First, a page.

ROCK HILL, S.C. — A special commission trying to hash out problems created when South Carolina and North Carolina resurveyed their state line is promising to do what it can to help landowners who suddenly find most or all of their property in a different state.
The Joint Boundary Commission, which is overseeing the first full survey of the state line between the Carolinas in more than 200 years, is trying to lessen the impacts of changing school districts, utilities and possible back taxes as much as they can.
The problems cropped up because surveyors back in the 1700s didn’t have the precise instruments like GPS that allowed their modern counterparts to draw the state line within a centimeter or two. The new work shifts the state line in several areas a few hundred feet one way or the other.
That has created a bureaucratic nightmare for some. Lewis Efird’s company owns the land where a gas station was built in what he thought was South Carolina, but is now North Carolina. He said the move makes the station worthless because higher gas taxes will raise his pump prices 30 cents a gallon and the fireworks that boost his profits are illegal in North Carolina.
“We invested based on the location of the property, taxes rates, underground storage tank rules, alcohol avaibility. Had this property been in North Carolina, had we known that when we purchased the property in the early ’90s, we wouldn’t have purchased it,” said Efrid, owner of United Oil of the Carolinas.
A total of about 90 properties were affected in some way when the new survey shifted the state line along a stretch from north of Greenville and Spartanburg to where the line makes a sharp turn in Lancaster County about 25 miles south of Charlotte, N.C. Only about two dozen of them expressed concerns, said Sidney Miller, who is overseeing the work on the state line for South Carolina.
Officials with the attorney general in both states said the impact on school attendance and utilities should be fairly minimal. But one of the bigger issues could be property taxes.
Both Carolinas have rules requiring uniformity in how property is taxed. It’s likely that any accommodations made for people suddenly living in North Carolina would be scrutinized by the state Supreme Court, said North Carolina Sen. Daniel Clodfelter, D-Mecklenburg.
Most taxes for people who went from North Carolina to South Carolina would be lowered, and the state might consider giving people a rebate for a few years, said Emory Smith, a lawyer in the South Carolina Attorney General’s Office.
“I can’t assure you everything is going to be resolved in a way to the liking of each and every citizen,” Smith said. “But I can tell you we are working on it.”
Officials from both states say this is uncharted territory. Disputes over state boundaries over the past few decades have involved shifting rivers, and those that involved land were settled by the U.S. Supreme Court in the 1800s.
North Carolina officials worry they will face this problem in the future with Virginia, especially in heavily-settled areas around Norfolk, Va., and Danville, Va.
Many problems between the Carolinas have cropped up in the past 20 years as the area around Charlotte, N.C., has boomed. Land was sold with notes from surveyors warning the state line was approximated because the original 18th-century survey marked long-gone trees with hatchets.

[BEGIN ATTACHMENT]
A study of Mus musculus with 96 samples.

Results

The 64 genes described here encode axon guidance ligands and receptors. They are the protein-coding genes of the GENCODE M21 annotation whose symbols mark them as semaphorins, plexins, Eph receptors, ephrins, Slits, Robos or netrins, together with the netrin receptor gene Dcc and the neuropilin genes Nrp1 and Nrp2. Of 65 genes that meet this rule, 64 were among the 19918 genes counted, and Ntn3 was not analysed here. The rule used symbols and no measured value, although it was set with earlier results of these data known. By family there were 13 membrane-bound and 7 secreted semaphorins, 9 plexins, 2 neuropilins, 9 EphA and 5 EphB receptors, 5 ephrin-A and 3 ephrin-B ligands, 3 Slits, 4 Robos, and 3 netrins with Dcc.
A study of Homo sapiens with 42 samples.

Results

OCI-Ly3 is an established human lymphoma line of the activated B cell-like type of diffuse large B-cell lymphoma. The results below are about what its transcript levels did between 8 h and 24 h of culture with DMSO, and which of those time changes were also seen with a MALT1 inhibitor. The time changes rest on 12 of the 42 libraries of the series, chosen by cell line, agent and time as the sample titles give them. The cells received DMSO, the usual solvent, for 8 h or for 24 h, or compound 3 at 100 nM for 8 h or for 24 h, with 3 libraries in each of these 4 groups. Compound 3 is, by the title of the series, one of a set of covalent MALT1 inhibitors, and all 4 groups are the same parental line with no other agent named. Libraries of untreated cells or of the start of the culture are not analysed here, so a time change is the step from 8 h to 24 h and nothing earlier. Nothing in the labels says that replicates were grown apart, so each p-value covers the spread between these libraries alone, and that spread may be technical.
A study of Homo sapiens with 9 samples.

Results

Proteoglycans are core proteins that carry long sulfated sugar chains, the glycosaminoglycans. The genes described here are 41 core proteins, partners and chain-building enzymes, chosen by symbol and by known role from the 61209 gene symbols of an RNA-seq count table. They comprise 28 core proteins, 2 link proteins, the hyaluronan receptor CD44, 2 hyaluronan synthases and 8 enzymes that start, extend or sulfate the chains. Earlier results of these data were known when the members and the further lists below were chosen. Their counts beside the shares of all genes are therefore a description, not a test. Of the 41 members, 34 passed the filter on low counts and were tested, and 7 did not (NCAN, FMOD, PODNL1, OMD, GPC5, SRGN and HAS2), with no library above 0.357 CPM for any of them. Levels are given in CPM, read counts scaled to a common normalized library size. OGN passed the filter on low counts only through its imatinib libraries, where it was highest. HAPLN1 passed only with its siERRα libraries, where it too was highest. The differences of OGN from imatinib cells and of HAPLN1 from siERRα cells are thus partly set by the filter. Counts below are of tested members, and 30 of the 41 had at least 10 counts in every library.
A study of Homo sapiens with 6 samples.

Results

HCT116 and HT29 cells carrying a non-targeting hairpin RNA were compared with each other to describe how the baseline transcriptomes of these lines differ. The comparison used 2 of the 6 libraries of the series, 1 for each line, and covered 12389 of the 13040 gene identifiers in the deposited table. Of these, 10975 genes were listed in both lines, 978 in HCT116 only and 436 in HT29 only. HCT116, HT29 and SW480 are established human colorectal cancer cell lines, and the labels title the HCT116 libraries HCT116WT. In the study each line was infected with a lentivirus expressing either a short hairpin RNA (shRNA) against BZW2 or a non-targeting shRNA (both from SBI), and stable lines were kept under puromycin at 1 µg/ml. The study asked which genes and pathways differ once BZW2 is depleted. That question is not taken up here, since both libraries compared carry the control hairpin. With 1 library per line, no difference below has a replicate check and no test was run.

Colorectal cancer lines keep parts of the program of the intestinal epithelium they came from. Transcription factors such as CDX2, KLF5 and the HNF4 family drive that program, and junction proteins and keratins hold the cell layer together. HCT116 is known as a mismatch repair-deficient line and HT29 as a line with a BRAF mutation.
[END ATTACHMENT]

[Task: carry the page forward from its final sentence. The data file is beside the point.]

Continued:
The hardest problem to solve along the new Carolinas state line involves Efrid’s store. He estimates he deals with nine different state agencies, with vastly different regulations. He asked the commission if he could be awarded damages.
“We’re not changing the line. The line was set in 1772, and all we’re doing is finding out where it is. If the surveyors and the people who draw property deeds made mistakes, I don’t know if that gives any damage toward the state,” Clodfelter said.
But the commissioners promised to look into the matter further.
Another suggestion was to grandfather in the affected properties for at least 20 years to make sure children in school had time to graduate and people had plenty of time to solve other problems. But Karen Byrnes, who owns a six-bedroom home that moved from South Carolina to North Carolina, said that would cause its own difficulties. She has put her house on the market because of the issue and estimates her property taxes could increase by up to $6,000 a year if she has to pay North Carolina rates.
“Now we’re sitting on a piece of property that is for sale that we can’t sell. We had two potential buyers interested this week, but when they found out about all of this, they will not consider the property anymore,” Byrnes said.
While officials deal with the problems around Charlotte, surveyors are already working on the next leg. The “boundary clarification” process is complete from the mountains to the North Corner in Lancaster County, and surveyors are heading east to the Atlantic Ocean. Experts don’t expect as many problems because the area is much less urban, the instructions weren’t as complicated, and officials just discovered that surveys for some sections have been done in the past century or so.
One surveyor redrawing that line in 1905 lamented about the lack of permanent markers, saying the line was as unknown as it was when the first surveyors did their work. That same survey said they needed to re-establish the line to prevent future legal problems, said Alan-Jon Zupan, a project manager for South Carolina Geological Survey.
“Sounds familiar, doesn’t it,” Zupan asked the commission.